The United Kingdom's chief medical officer has sent a warning to all doctors that the sexually transmitted disease gonorrhea could evolve to the point where it cannot be treated, returning humanity to the pre-penicillin era. Such an outcome can be delayed, and possibly prevented entirely, if doctors prescribe drugs correctly, Dame Sally Davies claimed. Sadly, this is not currently happening, at least not all the time.
It seems that just as medicine starts to make sex safe from one threat, another rises in its place. This is not entirely coincidental. The arrival of better treatments for HIV, at least in the developed world, may have led to an increased number of people becoming blasé about safer sex practices. This could explain the spiraling rates of diseases such as syphilis and chlamydia, particularly among a generation too young to remember when deaths from AIDS were common in the West.
For gonorrhea, increased opportunities for transmission are combining with the antibiotic resistance seen emerging across many bacterial diseases. In March this year, an outbreak of drug-resistant gonorrhea was reported in Leeds, with cases spreading to other north-England towns.
This is not the first time the bacterium Neisseria gonorrhoeae has developed resistance to antibiotics. However, at one time, a variety of spare drugs existed that could be pressed into service when an old one no longer worked. Those days may soon be over, warn infectious disease specialists.
The recommended treatment for gonorrhea is to combine a ceftriaxone injection and an oral dose of azithromycin or doxycycline. This double hit of very different types of antibiotics almost always kills the bacterium, at least currently. Taking only one of the antibiotics opens up the danger of resistance appearing to first one drug and then the other.
Consequently, the British Association for Sexual Health and HIV were concerned to discover that online pharmacies were offering azithromycin on its own, while some doctors are prescribing obsolete antibiotics.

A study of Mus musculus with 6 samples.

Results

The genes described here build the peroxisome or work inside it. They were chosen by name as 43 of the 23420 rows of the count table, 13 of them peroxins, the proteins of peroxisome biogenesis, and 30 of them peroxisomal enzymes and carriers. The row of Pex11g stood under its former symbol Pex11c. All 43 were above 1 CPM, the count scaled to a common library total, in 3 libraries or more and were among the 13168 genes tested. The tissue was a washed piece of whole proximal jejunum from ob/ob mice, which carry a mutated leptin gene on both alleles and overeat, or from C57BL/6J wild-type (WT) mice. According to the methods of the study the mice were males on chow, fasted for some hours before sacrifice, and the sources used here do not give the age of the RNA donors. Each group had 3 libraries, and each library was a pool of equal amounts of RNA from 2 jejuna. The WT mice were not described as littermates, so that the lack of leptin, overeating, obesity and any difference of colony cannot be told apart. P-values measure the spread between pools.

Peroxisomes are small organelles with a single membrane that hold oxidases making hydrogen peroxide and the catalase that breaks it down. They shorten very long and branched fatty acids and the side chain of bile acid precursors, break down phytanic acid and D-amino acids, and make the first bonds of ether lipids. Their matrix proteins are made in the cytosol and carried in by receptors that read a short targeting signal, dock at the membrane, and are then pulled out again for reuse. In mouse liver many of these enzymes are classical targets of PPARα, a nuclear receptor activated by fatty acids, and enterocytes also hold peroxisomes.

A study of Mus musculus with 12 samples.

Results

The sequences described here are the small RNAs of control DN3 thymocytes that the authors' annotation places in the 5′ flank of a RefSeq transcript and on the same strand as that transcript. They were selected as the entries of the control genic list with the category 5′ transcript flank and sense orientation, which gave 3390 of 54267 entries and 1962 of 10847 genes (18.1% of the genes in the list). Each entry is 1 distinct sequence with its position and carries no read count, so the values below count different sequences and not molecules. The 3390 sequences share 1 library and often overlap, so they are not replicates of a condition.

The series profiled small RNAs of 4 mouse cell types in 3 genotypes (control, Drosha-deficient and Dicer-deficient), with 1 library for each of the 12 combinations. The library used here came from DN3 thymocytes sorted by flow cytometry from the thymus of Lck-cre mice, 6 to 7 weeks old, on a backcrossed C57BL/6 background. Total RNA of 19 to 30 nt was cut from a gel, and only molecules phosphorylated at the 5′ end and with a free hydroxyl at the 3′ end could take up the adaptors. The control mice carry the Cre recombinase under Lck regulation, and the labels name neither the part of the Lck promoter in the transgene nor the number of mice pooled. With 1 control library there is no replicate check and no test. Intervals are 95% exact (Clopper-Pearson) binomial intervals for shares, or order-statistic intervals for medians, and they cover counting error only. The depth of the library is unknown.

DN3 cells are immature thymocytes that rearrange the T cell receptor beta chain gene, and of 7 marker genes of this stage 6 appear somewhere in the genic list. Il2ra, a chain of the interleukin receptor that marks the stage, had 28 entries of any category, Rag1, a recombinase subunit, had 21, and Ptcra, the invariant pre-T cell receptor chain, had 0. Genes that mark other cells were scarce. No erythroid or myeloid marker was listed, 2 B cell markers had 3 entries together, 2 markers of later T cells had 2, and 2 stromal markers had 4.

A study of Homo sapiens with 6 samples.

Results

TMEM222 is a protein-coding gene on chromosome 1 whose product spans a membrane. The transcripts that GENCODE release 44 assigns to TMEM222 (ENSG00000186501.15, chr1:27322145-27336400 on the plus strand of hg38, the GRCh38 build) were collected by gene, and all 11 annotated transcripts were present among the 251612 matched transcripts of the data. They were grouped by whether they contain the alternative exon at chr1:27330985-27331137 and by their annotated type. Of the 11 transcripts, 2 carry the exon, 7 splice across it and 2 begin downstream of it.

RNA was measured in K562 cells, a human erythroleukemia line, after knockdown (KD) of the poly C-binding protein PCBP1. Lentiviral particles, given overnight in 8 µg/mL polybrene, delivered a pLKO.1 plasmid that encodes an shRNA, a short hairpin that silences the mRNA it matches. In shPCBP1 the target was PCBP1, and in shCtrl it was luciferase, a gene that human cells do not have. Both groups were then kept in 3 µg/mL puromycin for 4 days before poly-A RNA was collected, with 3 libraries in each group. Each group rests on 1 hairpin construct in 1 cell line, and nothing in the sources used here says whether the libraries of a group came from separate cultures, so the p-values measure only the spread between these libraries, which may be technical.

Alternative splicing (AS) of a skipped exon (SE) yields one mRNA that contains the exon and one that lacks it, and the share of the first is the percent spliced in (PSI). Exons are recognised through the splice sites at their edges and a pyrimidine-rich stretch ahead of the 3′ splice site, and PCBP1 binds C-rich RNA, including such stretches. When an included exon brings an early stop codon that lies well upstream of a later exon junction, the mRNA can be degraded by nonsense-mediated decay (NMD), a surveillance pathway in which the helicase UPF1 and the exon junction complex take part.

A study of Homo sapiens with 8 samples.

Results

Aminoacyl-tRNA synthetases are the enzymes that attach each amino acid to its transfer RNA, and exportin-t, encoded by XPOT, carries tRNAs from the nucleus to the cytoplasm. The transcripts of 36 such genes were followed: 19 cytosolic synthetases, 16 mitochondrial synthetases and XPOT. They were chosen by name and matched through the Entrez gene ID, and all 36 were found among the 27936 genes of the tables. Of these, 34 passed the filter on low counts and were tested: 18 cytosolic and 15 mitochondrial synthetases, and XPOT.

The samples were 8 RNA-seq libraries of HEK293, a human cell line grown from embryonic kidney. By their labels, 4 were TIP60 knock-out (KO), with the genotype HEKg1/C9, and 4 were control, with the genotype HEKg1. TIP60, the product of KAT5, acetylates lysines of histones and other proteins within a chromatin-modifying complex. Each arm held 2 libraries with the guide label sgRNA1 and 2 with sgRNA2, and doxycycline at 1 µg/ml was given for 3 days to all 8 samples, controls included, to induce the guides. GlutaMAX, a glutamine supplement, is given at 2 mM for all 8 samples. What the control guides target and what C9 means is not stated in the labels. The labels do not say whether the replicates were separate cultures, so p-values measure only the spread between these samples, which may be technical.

Most women, and some men, infected with gonorrhea show no symptoms, although they can still transmit it. For those who experience symptoms, the most common are yellow or green genital discharge, bleeding between periods and pain during sex or urination. Rarer outcomes include a 20 percent increased risk of prostate cancer, and blindness in children born with the disease.
In 2009, a strain of gonorrhea, called H041, was identified that was untreatable with all cephalosporin-class antibiotics, which includes ceftriaxone. However, only one case of H041 has been reported. Although cases of two other ceftriaxone-resistant strains have been published, it is clear that not every multidrug-resistant strain will spread wildly. Nevertheless, with 16 cases now known from the Leeds outbreak, warning signs are obvious.
The announcement that Truvada can prevent infection with HIV when used as a “morning after drug” has sparked concerns that people will become even more lax about condom use, opening the door to other diseases. These fears are debated, but haven't been helped by poster campaigns apparently advocating condomless sex, as if HIV was the only threat.